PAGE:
Lowest cost pricing - end of an era?
Social landlords running procurement exercises in the economic downturn have been poorly served by traditional lowest cost pricing evaluation strategies. Recent criticism in the Hackitt Report about lowest price tendering suggests the need for a radical rethink in assessing price.
Lowest price tendering results in competitive prices that allow clients to demonstrate they have obtained good value at the point of procurement. However, the downside of this approach often outweighs the financial savings secured, resulting in poorly-performed contracts, disputes and claims as the contractor attempts to recoup costs, or, in extreme cases, contract termination and contractor insolvency. Put bluntly, relying on lowest price can result in a flawed and adversarial contractual relationship.
The Hackitt Report on the building industry has been highly critical of lowest cost tendering, and made a number of recommendations for improved procurement practice in this area. The report identifies the procurement process as the process that "kick-starts the behaviours" seen throughout the design, construction, occupation and maintenance stages, and "sets the tone and direction" of relationships between construction and design team members. Poor procurement creates a "race to the bottom" culture which prioritises "doing things as quickly and cheaply as possible rather than delivering quality homes which are safe for people to live in."
In relation to price, the report states that procurement processes should aim "to obtain best value, rather than lowest cost". The report criticises contracts with low margins for contractors, which it says leads to contractors pushing technical and contractual risk to its supply chain, and risks being handled by people who are unable to mitigate them appropriately.
The report's key recommendations are for clients to aim to construct buildings that have a long life cycle, and consider full life cycle costs at procurement stage. This cultural change needs to be embedded from the outset and, so with this in mind, the tender process should prioritise building safety, and balance upfront capital cost against quality and effectiveness. Safety requirements should be tested effectively during the tender process. Best value should be achieved by establishing collaborative relationships between the construction team, and by encouraging efficiency and productivity, not by using cheaper and unsuitable materials.
So how can contracting authorities put the report's recommendations into practice?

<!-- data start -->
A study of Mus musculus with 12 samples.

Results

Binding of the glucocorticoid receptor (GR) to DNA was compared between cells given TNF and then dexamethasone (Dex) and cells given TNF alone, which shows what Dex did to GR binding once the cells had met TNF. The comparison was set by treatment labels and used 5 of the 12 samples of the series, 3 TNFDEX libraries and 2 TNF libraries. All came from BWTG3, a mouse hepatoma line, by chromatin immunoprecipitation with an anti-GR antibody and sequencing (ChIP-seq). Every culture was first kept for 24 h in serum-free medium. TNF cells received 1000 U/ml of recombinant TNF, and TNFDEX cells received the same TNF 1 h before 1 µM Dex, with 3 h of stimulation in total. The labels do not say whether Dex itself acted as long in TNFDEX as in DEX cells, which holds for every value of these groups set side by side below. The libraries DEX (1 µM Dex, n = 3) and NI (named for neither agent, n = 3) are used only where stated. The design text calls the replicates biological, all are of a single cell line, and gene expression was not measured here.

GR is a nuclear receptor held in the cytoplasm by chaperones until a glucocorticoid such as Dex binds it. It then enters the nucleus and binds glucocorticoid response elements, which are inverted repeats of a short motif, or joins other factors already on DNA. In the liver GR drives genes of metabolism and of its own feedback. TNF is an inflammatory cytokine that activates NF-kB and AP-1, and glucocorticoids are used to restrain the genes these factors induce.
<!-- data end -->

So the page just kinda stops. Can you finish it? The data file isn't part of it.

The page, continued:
The current public procurement regime already provides flexibility in relation to assessing price. The Public Contracts Regulations 2015 allow contracting authorities a broad margin of discretion when structuring evaluation exercises, which may comprise a price-only assessment or a split between price and quality. Courts are unlikely to interrogate this selection unless the contracting authority makes a manifest error in adopting a particular pricing formula.
Many procurement exercises in the UK favour the "standard differential model", regardless of the price/quality split, in which the lowest price is awarded full marks and the other prices are scored in relation to the lowest score. This practice incentivises bidders to price as low as possible, continuing the "race to the bottom" culture criticised in the Hackitt Report. This approach also creates a higher risk of abnormally low tenders, which contracting authorities are now required to investigate. Although the Regulations empower contracting authorities to reject suspected abnormally low bids where the bidder cannot satisfactorily account for its low prices, in practice this seldom happens, leaving contracting authorities to deal with low-margin high-risk contracts.
The Regulations also provide for an alternative "life cycle costing" model, in which the contracting authority considers all the costs over the life cycle of a building, including (without limitation) energy consumption, maintenance, collecting and recycling and pollutant emissions costs. Though life cycle costing has been available since February 2015, its uptake in the UK has been quite low, suggesting that UK contracting authorities lack the inclination or experience to adopt alternative pricing models.
There are a number of other pricing models that incentivise sustainable pricing behaviours. One such model is the "optimum pricing" model, where the contracting authority sets out the optimum price that it considers appropriate for the contract, based on its market research and consideration of its budgetary constraints, and the tender closest to the optimum price receives the highest marks. As with the life cycle costing model, this requires contracting authorities to undertake market research about the true price of the contract, rather than simply ranking the prices received and giving full marks to the lowest score.
Moving away from a lowest price tendering system requires contracting authorities to explore efficient working practices through the life of the contract. The use of partnering contracts such as PPC2000 and TAC-1 can encourage collaborative working practices, as recommended in the Hackitt Report. However, this requires clients to commit to long-term contract management, rather than assuming that a low upfront price will deliver the best result.
Given the high profile of the Hackitt Report, the link between lowest price tendering and safety risks will continue to be debated.
With this in mind, UK contracting authorities should be encouraged to review their current price evaluation models, and consider different procurement methods that achieve best value without compromising safety.